August 30, 2018 Tanya J. Peterson, MS, NCC

You can manage school and work anxiety even if anxiety is making life miserable. Learn four ways to manage school and work anxiety at HealthyPlace.

Anxiety can make going to school or work a challenge that seems insurmountable. Anxiety has a way of ruining your school or work day before it starts. From the moment you wake--assuming, that is, that anxiety let you sleep--anxiety creates problems. Worries and imagined scenarios usurp all thoughts and can even make you feel physically ill. It makes sense to want to stay in bed rather than face another awful day of anxiety at school and work, but going where you need to go doesn't have to be a problem with these four strategies. 

4 Ways to Manage Anxiety at School or Work

You can take charge and live your life rather than being paralyzed by anxiety. Try one or more of these strategies to get to school or work and even enjoy the experience. 

  1. Break it up. Work anxiety and school anxiety are overwhelming, even crushing, and can loom large. Breaking up this chunk of entire-day anxiety into smaller, more manageable pieces can help you live in the moments of your day. What can you do during each class or each segment of the work day to feel a little less anxious? This is a step-by-step process to reduce anxiety in each part of your day and eventually even your entire time at school or work. 
  2. Find support. For someone with anxiety, "support" means any person, object, picture, or space that reduces anxious stress and creates a feeling of calm. Connecting with a trusted person can be valuable. If you have social anxiety and other people worsen your anxiety, support can come from a comfort object kept on your desk or in a pocket such as a picture of a loved one, pet, or favorite place, or anything else that is calming. These inanimate objects are supportive because they serve the same purpose as a person: to distract your thoughts and connect with someone or something that isn't related to your anxiety.  
  3. Create a schedule for your day, every day. A sense of predictability often reduces anxiety because it removes some of the unknown that is inherent at work or school. Go beyond a simple schedule or calendar and make it an anxiety-beating tool. Make your own personalized schedule in a notebook that includes inspirational images and meaningful quotes. Paste these images onto the pages, or if you're artistic (and even if you're not), draw your own. Handwrite quotes, or print them from a computer. When your anxiety spikes, open this notebook and concentrate on an image or quote. Breathe slowly and deeply, and visualize yourself at peace. When your anxiety has gone down a notch or two, return to your work at hand.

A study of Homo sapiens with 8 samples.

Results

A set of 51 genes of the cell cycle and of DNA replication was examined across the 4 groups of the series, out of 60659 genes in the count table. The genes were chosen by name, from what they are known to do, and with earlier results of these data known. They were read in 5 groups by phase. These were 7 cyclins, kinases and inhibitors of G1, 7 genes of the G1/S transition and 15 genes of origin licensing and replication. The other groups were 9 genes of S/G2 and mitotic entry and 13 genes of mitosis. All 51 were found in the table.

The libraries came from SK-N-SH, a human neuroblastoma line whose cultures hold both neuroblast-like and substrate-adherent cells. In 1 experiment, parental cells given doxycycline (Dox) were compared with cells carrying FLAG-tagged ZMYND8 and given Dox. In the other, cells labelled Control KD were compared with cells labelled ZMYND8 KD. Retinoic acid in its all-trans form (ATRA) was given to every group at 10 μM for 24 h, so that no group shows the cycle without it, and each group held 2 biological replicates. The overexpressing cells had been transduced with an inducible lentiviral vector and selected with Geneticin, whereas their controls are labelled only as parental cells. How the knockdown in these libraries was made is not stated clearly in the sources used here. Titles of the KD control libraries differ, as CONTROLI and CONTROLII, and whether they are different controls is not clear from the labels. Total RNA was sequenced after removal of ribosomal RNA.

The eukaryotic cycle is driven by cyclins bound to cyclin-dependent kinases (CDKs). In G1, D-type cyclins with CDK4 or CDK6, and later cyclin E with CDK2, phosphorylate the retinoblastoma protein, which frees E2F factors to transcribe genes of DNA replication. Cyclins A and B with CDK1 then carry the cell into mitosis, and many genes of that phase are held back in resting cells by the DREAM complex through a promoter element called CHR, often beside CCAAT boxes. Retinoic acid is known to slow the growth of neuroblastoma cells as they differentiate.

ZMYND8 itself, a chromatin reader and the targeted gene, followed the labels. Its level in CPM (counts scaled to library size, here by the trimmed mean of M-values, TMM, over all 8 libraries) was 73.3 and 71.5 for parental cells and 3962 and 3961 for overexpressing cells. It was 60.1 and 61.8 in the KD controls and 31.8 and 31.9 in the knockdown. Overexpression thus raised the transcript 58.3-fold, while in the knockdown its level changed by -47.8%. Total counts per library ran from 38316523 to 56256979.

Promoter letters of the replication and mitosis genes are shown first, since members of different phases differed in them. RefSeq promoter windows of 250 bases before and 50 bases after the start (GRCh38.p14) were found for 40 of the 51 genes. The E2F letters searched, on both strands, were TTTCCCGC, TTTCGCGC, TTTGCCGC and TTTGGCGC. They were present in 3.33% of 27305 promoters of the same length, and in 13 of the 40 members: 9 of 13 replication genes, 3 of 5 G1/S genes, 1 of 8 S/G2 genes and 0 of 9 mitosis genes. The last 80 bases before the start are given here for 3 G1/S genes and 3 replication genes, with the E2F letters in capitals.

4. Control your personal space. A significant portion of school anxiety and work anxiety comes from a lack of control. There are many aspects of school and work that are out of our control. That won't change, but you can control certain aspects of your day, including your personal space. Whether you have an entire office or none at all, a big locker or only a backpack you haul around, make what is yours, yours. Personalize it, make it inspiring and comforting, and know that you have a tangible piece of yourself and things you love with you at all times. This control helps reduce anxiety. 

Managing anxiety and school or work allows you to keep going even when anxiety tries to keep you home in bed. These four techniques work in the moment and over time to help reduce school anxiety and work anxiety. 

More Ways to Manage School or Work Anxiety

There are more strategies than just these four, of course, including the one I discuss in the below video. I invite you to tune in to hear how looking at your big picture helps you manage school and work despite anxiety.

APA Reference
NCC, T. (2018, August 30). 4 Ways to Manage Anxiety at School or Work , HealthyPlace. Retrieved on 2019, June 27 from https://www.healthyplace.com/blogs/anxiety-schmanxiety/2018/8/4-ways-to-manage-anxiety-at-school-or-work



Author: Tanya J. Peterson, MS, NCC

Tanya J. Peterson is the author of The Mindfulness Journal for Anxiety, The Mindfulness Workbook for Anxiety, Break Free: Acceptance and Commitment Therapy in 3 steps, and five critically-acclaimed, award-winning novels about mental health challenges. She speaks nationally about mental health, and she has a curriculum for middle and high schools. Find her on her website, Facebook, Instagram, and Twitter.